Cass’ Progress In A Chinese Primary School

My baby girl made me proud again. She did pretty well in her recent final exam. With this, she is going to the elite class next year. Starting from next year, there will only be 1 elite class for each standard in the school. The rest of the students will be placed randomly in the remaining five classes.

Am I happy?

Yes and no.

Yes that she made it despite being totally hopeless in her Chinese when she first learned the language. The hubs and I can’t help her at all, being hopeless yellow bananas.

But she persevered through lots of temper tantrums and buckets of tears during her Mandarin enrichment classes at home. I had to bear the brunt of her meltdowns with countless number of bribes and threats lashed out on her.

It’s not an easy journey in the Chinese school, especially for us yellow bananas. Our girls speak English at home but they learn everything in Chinese, except for English and BM language subjects.

With a medical condition of her urinary tract which requires voiding every hourly, I have many times wanted to pull her out from this ‘military style’ high-achievement status (SBT) Chinese school that she is attending now.  Chinese schools are notorious for not allowing kids to make regular toilet breaks. Our 2 older girls have had their fair share of horror stories to tell when they were forbidden from going to the toilet during lessons. How horrid!! I shall leave the details of their stories untold for now. Those from a Chinese school will know what I mean. Well, the option is still open. I pray that God will guide me on the right direction.

Being in the elite class would mean working 1000x harder than she is currently doing now. As it is now, she is already protesting and sometimes would end up in tears when our Mandarin tutor gives her homework, on days when she wakes up on the wrong side of the bed. Yes I believe in this! This girl is very moody and today is one such day when I felt like strangling her when she just refused to cooperate with her Mandarin tutor and chose to take a nap instead when the tutor came!!  Mandarin is just not her forte and the Chinese language is certainly not easy to master if both parents have no Chinese education background.

I am not going to put pressure on Cass to excel so that she remains  in the elite class in the years to come. We will just continue doing what we are doing now and hopefully she gets the flow and hang of studying in a ‘military style’ Chinese school with draconian rules.

Who knows, by God’s grace, we will be able to afford sending our girls to a private school in our neighborhood. SO much time will be saved each day if our girls were to study in this private school. Our lives will be much more enriched and less stressful, I can bet on that. The only stress is to work extra hard to bring in the dough. That will be my dream and I hope that I can make my dream become a reality soon 🙂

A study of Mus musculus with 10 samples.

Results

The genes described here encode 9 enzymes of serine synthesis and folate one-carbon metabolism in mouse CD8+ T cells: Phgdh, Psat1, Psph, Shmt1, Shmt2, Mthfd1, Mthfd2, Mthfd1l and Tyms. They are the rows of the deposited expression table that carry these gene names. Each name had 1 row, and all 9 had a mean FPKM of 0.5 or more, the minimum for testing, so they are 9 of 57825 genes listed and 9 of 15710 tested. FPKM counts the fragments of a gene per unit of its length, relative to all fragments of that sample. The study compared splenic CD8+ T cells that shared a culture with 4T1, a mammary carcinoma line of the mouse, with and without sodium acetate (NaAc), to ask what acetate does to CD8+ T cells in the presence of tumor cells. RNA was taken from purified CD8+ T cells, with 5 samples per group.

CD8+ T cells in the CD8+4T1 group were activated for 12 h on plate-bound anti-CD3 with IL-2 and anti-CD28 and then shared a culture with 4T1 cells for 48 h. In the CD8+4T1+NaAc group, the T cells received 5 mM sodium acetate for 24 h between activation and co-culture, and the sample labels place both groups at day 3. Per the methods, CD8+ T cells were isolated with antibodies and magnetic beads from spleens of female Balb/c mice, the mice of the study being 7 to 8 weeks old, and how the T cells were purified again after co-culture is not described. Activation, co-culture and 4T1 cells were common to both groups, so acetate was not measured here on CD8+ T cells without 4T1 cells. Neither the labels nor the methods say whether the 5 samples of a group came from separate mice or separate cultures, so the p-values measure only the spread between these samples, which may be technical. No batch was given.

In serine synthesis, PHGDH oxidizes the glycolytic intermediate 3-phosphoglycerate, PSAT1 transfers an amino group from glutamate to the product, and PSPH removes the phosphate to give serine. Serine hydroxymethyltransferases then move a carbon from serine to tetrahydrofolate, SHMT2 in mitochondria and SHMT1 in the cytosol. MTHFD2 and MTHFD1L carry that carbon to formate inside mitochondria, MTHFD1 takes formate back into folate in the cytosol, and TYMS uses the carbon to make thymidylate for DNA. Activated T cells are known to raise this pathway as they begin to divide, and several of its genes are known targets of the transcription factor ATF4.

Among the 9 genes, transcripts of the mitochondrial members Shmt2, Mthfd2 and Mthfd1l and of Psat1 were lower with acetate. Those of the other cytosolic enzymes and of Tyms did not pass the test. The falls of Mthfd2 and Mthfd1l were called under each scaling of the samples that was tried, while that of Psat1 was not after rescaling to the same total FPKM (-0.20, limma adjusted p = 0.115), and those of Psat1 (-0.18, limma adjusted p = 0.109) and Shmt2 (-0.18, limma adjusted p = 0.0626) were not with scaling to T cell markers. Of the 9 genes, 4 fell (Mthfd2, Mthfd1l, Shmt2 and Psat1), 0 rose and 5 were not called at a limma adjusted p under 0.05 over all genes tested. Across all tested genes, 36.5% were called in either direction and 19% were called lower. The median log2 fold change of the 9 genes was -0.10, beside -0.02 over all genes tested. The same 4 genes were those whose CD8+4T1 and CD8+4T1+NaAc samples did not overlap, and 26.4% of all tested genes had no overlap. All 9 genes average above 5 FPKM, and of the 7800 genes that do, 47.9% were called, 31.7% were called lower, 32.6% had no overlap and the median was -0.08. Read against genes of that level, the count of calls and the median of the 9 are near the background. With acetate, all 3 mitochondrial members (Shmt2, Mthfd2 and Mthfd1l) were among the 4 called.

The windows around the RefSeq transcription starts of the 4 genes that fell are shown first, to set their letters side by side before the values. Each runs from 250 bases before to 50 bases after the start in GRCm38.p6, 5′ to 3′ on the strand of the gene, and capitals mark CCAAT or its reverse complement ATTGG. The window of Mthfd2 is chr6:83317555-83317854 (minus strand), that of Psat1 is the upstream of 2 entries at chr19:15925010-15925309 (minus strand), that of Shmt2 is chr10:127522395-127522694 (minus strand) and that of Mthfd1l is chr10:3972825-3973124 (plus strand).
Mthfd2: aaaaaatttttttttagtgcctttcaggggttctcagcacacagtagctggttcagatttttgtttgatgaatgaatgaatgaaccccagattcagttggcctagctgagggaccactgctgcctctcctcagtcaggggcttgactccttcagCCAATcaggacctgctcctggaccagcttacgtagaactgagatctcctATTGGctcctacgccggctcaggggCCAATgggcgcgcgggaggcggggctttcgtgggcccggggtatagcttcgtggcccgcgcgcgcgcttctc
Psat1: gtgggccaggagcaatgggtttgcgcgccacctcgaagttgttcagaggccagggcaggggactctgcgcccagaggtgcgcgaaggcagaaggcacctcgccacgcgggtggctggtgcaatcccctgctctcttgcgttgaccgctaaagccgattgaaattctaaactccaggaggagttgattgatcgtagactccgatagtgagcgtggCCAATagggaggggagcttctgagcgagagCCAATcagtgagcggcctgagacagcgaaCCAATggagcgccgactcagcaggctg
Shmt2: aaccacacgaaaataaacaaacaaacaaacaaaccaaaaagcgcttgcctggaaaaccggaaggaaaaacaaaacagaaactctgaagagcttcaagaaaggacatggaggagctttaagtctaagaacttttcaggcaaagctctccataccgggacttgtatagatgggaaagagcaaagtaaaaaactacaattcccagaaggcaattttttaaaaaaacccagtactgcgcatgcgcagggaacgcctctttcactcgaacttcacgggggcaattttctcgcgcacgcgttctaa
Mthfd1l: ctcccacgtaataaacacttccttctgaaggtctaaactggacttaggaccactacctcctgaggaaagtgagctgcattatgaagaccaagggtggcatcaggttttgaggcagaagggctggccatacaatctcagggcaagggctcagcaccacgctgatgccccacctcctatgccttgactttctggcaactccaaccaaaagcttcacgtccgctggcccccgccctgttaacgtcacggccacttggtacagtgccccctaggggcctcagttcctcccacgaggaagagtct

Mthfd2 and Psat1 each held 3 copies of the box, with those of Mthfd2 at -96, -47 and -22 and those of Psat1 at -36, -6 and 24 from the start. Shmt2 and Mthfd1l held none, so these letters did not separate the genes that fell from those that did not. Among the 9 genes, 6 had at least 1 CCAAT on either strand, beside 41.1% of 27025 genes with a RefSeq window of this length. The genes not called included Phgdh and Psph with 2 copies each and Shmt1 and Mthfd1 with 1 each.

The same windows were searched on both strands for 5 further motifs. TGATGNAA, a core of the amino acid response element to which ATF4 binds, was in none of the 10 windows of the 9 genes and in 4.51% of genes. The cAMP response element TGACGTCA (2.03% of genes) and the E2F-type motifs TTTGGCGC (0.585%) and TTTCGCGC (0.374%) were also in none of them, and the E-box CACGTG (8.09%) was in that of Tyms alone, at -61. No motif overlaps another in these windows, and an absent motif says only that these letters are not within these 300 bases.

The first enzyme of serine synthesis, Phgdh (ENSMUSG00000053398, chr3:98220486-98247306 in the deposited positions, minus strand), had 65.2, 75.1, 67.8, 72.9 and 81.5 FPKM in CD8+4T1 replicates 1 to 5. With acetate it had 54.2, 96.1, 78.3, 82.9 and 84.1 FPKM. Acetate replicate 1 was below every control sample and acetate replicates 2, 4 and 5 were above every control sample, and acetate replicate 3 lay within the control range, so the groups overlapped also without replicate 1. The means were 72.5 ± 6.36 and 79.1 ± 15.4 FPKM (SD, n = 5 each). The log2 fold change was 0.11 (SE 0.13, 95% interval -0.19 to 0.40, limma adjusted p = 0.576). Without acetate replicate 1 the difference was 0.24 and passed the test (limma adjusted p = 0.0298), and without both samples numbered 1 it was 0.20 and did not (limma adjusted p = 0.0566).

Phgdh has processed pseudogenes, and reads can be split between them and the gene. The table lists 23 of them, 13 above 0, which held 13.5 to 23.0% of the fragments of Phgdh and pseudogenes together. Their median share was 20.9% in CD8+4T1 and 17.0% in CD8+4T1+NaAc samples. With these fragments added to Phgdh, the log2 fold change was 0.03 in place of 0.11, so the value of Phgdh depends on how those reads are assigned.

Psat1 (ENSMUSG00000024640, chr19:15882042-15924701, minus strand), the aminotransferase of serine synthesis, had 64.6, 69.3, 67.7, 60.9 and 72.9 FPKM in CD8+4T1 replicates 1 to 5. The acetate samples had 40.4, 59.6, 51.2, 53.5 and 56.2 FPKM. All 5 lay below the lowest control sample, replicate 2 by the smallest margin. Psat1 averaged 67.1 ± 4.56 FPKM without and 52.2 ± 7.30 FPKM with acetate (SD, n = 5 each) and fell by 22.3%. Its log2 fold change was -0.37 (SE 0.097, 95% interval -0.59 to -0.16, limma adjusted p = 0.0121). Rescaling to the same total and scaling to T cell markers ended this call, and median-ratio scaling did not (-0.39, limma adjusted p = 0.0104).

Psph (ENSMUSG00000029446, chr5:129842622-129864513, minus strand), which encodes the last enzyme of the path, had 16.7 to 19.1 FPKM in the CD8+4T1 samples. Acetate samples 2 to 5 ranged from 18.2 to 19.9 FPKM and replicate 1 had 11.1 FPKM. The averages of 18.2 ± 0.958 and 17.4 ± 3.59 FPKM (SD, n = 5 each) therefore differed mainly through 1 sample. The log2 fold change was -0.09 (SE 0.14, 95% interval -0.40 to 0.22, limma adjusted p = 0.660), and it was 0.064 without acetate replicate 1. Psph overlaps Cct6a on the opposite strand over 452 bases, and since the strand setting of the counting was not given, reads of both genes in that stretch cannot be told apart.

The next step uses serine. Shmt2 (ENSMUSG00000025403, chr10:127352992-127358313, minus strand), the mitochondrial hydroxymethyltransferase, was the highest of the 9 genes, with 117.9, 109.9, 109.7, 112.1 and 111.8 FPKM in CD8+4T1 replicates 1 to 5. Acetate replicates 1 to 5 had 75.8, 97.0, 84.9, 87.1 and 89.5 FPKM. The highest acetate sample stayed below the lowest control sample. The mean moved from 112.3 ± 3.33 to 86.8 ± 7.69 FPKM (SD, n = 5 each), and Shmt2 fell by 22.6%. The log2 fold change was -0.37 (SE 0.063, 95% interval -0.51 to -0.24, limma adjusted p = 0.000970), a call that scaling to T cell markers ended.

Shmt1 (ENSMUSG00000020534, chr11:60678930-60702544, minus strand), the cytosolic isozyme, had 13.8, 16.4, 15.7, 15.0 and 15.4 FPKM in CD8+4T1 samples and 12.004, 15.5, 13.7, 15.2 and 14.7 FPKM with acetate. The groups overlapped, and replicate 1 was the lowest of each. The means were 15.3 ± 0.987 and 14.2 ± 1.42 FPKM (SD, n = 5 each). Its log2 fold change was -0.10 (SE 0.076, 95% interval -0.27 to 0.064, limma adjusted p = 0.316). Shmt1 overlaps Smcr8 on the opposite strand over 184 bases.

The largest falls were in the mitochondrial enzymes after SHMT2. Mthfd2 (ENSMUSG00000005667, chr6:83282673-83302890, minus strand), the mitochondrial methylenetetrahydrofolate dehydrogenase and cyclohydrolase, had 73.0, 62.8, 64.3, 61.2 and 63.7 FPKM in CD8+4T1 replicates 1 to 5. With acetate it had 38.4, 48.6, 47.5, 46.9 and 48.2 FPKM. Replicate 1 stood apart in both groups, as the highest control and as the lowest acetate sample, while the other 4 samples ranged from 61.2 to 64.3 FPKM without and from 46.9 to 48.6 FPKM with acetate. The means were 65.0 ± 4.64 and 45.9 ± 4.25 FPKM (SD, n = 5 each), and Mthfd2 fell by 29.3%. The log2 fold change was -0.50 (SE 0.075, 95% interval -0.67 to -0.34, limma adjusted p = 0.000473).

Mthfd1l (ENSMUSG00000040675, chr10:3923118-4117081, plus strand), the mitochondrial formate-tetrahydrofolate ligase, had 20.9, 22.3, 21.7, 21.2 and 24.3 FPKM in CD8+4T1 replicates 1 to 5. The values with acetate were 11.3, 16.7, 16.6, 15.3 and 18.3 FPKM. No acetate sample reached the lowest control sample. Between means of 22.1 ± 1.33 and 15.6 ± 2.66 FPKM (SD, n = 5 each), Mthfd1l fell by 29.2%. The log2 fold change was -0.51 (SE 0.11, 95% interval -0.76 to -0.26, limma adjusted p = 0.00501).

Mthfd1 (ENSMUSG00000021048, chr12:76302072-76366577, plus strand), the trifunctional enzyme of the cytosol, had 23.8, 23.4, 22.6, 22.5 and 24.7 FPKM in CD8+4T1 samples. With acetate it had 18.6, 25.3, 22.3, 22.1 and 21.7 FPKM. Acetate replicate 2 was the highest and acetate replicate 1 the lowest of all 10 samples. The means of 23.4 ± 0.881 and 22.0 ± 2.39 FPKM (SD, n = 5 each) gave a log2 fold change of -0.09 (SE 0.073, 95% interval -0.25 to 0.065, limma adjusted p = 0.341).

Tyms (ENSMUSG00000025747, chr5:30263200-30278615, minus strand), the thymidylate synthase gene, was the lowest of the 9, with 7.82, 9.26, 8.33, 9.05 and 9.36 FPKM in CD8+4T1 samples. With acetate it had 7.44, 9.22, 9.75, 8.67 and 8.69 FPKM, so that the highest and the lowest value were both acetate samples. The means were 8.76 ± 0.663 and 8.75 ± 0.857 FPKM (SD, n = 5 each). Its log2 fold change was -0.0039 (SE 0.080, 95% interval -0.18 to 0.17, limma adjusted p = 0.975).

1. Hi,
    Just wanted to share my experience of being educated in both Chinese school and international schools. I went to a High Achieving Chinese school up to year 6. At that time, I was going to bed at 10.30pm. I had really good results and was in the elite class as well, but I didn’t take my studies very seriously.
    After UPSR, I started out Year 8 in a British international school (skipped year 7) and was going to bed at 12am. It was here that I became aware of my perfectionism when completing every piece of simple task and assignment, possibly inherited and developed from the education style of Chinese School.
    I currently attend a top international school in Australia and I go to bed at 2am everyday! School days are much longer here, even in primary school. There are also a lot more graded assignments, summative tests every few weeks in every subject in addition to daily homework. So it’s quite stressful in reality and I really believe that my 6 years of education in Chinese school has no matter how shaped me into the very hardworking person I am now. (in a good and bad way) Thus I personally think that it’s better to expose a person to a desired environment in the early stage. Or else, things learned from a previous upbringing will carry over/continue to develop in the same old way even in a different environment. (at least that’s my case)
    I am not trying to put you off anything, but I’m merely sharing my experiences! 🙂

    1. Hi Catherine
      Thanks for such invaluable insights from your experience in an SBT Chinese school and international school. Are you in uni now? I think you’re really lucky that your parents can afford to send you to an international school in Msia and to a top international school in Australia. I wish I could do the same for my girls. You’re so blessed! How did you land on my blog? 🙂

  2. Ian’s previous school before we moved to where we are now, is a high performance sjkc and they also start having elite classes from std 2. He was in the top 20 (counting from the back) lol in the elite class until we moved. He topped his class in this new school all the way till std 3 as this sjkc only have one elite class from std 4. He was in the elite class from std 4 till now and again, his positions in class was like playing yoyo depending on how good he fared in his Chinese papers. Top 20 (both from the front and back), top 10 (from the back) he had it all. We are still proud of him though, the father especially who is a complete banana. Lol…

  3. I was trying to tell you not to fret when her positions drop over losing few marks here and there. I used to get all worked up when it happened. Don’t be. 🙂 All the best to Alycia too.